CHARLESTON, W.Va. — Supporters of a bill that encourages lawsuits by private citizens against government for fraud are trying to renew momentum for the legislation.

The “false claims” bill (H.B. 4001) quickly passed the House Judiciary Committee in the opening days of the session, but hit a roadblock before the full House when business leaders raised concerns.

Under so-called “qui tam” legislation, citizens would be able to file suit against the state government, or companies doing business with the government, alleging fraud. If they win, they get a percentage of the settlement money.

State Chamber of Commerce President Steve Roberts has called it a “sue-and-settle” bill and a boon to trial lawyers.  However, during a public hearing Tuesday, Patrick Burns of Taxpayers Against Fraud said the whistle blower suits hold the government and companies responsible for wrongdoing.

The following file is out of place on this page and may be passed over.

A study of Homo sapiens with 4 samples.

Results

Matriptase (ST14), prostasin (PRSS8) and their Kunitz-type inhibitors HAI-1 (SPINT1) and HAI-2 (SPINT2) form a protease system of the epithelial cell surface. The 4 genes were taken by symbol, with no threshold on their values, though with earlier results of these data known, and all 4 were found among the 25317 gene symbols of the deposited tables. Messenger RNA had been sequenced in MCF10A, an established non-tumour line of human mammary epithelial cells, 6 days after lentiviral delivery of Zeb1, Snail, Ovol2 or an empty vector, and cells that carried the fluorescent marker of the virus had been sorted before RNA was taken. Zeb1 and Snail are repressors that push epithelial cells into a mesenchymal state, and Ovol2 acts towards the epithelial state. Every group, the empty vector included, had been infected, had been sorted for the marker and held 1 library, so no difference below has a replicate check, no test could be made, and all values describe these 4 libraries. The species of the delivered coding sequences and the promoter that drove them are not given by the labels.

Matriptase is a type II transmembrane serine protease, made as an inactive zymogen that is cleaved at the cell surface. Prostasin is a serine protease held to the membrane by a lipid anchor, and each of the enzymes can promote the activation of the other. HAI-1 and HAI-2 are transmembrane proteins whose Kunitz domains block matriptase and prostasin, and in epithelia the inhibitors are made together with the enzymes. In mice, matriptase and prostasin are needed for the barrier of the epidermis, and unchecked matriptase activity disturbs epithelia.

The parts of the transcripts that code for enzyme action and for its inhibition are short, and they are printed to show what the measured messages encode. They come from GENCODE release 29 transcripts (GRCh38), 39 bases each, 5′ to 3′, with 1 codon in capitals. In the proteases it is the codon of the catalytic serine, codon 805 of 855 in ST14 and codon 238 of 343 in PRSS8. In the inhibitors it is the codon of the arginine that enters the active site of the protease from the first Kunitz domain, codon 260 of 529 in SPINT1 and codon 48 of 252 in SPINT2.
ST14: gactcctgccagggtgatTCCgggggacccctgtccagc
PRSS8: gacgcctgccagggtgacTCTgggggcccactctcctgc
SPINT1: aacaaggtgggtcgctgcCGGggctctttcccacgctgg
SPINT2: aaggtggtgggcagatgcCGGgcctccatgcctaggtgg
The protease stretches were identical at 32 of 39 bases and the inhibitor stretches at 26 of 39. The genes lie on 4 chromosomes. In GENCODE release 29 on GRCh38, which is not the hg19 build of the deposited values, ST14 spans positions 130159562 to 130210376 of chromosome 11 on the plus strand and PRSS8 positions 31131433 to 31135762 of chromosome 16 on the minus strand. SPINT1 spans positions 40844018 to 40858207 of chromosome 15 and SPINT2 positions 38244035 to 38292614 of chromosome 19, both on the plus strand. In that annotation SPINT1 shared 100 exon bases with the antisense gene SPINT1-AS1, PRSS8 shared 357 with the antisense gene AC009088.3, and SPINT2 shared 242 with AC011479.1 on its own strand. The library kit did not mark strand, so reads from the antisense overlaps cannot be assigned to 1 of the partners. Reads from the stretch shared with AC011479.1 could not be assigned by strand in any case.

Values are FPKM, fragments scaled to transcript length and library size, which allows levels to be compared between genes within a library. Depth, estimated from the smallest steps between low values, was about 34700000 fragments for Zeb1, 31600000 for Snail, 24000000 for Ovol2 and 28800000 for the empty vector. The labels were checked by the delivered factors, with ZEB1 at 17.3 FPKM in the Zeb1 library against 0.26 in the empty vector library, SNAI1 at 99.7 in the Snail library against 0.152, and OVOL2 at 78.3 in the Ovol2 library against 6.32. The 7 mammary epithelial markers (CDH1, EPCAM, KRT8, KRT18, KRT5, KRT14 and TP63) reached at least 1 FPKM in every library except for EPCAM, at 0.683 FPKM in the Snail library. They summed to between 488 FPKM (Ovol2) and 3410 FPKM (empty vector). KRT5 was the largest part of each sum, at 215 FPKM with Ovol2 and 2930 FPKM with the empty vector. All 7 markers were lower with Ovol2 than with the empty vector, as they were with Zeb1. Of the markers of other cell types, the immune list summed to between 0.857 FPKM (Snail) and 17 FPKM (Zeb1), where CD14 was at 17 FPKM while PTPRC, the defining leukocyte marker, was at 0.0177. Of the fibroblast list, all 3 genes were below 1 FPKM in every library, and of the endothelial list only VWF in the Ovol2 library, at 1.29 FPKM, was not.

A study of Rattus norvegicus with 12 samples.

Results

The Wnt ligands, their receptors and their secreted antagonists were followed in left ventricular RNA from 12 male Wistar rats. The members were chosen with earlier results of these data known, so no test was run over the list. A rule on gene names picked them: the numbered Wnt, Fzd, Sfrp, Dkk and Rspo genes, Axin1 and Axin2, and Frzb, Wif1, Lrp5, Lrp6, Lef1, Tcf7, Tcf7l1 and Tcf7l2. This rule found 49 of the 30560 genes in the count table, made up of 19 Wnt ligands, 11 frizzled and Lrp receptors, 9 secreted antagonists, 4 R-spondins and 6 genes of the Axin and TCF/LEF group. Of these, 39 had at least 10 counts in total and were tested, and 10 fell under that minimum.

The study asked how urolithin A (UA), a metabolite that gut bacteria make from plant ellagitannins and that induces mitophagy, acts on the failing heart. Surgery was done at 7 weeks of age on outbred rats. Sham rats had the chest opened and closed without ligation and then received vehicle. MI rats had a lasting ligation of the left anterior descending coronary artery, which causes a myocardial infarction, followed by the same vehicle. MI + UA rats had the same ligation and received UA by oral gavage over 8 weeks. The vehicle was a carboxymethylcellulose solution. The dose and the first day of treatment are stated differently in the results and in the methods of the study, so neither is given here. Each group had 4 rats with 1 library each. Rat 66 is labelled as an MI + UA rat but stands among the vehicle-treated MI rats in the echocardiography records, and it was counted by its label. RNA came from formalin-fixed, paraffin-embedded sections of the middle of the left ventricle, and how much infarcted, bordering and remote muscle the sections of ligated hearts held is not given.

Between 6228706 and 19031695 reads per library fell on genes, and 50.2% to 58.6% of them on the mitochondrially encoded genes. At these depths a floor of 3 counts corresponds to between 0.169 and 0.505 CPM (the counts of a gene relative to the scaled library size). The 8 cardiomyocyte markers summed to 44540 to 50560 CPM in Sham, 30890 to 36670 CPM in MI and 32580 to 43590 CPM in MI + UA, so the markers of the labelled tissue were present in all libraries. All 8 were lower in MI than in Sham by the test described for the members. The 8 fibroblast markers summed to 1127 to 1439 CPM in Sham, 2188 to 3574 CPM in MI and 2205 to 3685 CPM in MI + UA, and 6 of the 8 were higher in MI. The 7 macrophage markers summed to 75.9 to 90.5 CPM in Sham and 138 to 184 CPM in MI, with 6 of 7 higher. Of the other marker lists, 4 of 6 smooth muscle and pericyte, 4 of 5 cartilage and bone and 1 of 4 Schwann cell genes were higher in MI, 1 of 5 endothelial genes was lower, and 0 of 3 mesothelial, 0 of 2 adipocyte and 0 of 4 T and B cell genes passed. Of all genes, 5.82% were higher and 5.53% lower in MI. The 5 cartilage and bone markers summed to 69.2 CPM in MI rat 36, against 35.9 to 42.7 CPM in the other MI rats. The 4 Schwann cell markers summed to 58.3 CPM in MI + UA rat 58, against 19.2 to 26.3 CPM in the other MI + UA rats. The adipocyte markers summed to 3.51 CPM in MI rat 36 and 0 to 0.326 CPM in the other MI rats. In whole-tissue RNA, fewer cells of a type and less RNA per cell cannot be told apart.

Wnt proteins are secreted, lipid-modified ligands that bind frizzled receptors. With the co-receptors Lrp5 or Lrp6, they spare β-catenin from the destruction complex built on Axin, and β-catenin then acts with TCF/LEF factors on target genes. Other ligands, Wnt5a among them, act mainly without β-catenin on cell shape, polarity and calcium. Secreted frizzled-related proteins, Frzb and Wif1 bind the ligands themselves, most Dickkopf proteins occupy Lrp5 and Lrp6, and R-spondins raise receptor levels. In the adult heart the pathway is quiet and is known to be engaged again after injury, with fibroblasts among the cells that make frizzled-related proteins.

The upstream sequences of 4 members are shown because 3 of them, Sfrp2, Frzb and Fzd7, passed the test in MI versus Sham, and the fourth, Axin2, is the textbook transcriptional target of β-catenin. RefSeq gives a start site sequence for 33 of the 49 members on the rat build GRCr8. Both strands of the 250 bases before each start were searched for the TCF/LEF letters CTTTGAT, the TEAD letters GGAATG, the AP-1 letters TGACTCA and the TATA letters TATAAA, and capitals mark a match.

“Getting caught shouldn’t be, ‘Oh, we just got caught.  We’ll just have to pay back what we stole.’  If you do that then you have incentivized fraud.  If you hit them with trouble damages, then you disincentivize fraud,” Burns said.

Burns also dismissed concerns that the law will produce a rash of frivolous lawsuits by trial lawyers.

“They really understand it’s going to take years to move litigation and so they’re only going after the big fish,” he said.

 


  • RogerD

    I'm not an attorney and have to admit my knowledge is very limited in law related matters. However, aren't there laws or statutes already in place to deal with fraud?

    • Michael

      Not that gives an incentive to turn anyone in for committing the fraud. I believe 30 other states (including Texas and Virginia) have this law plus the federal government. I'm not sure why the business community is against it. It is strange, unless they have a big fish they are worried might get caught and are protecting them. No other reason to be against it.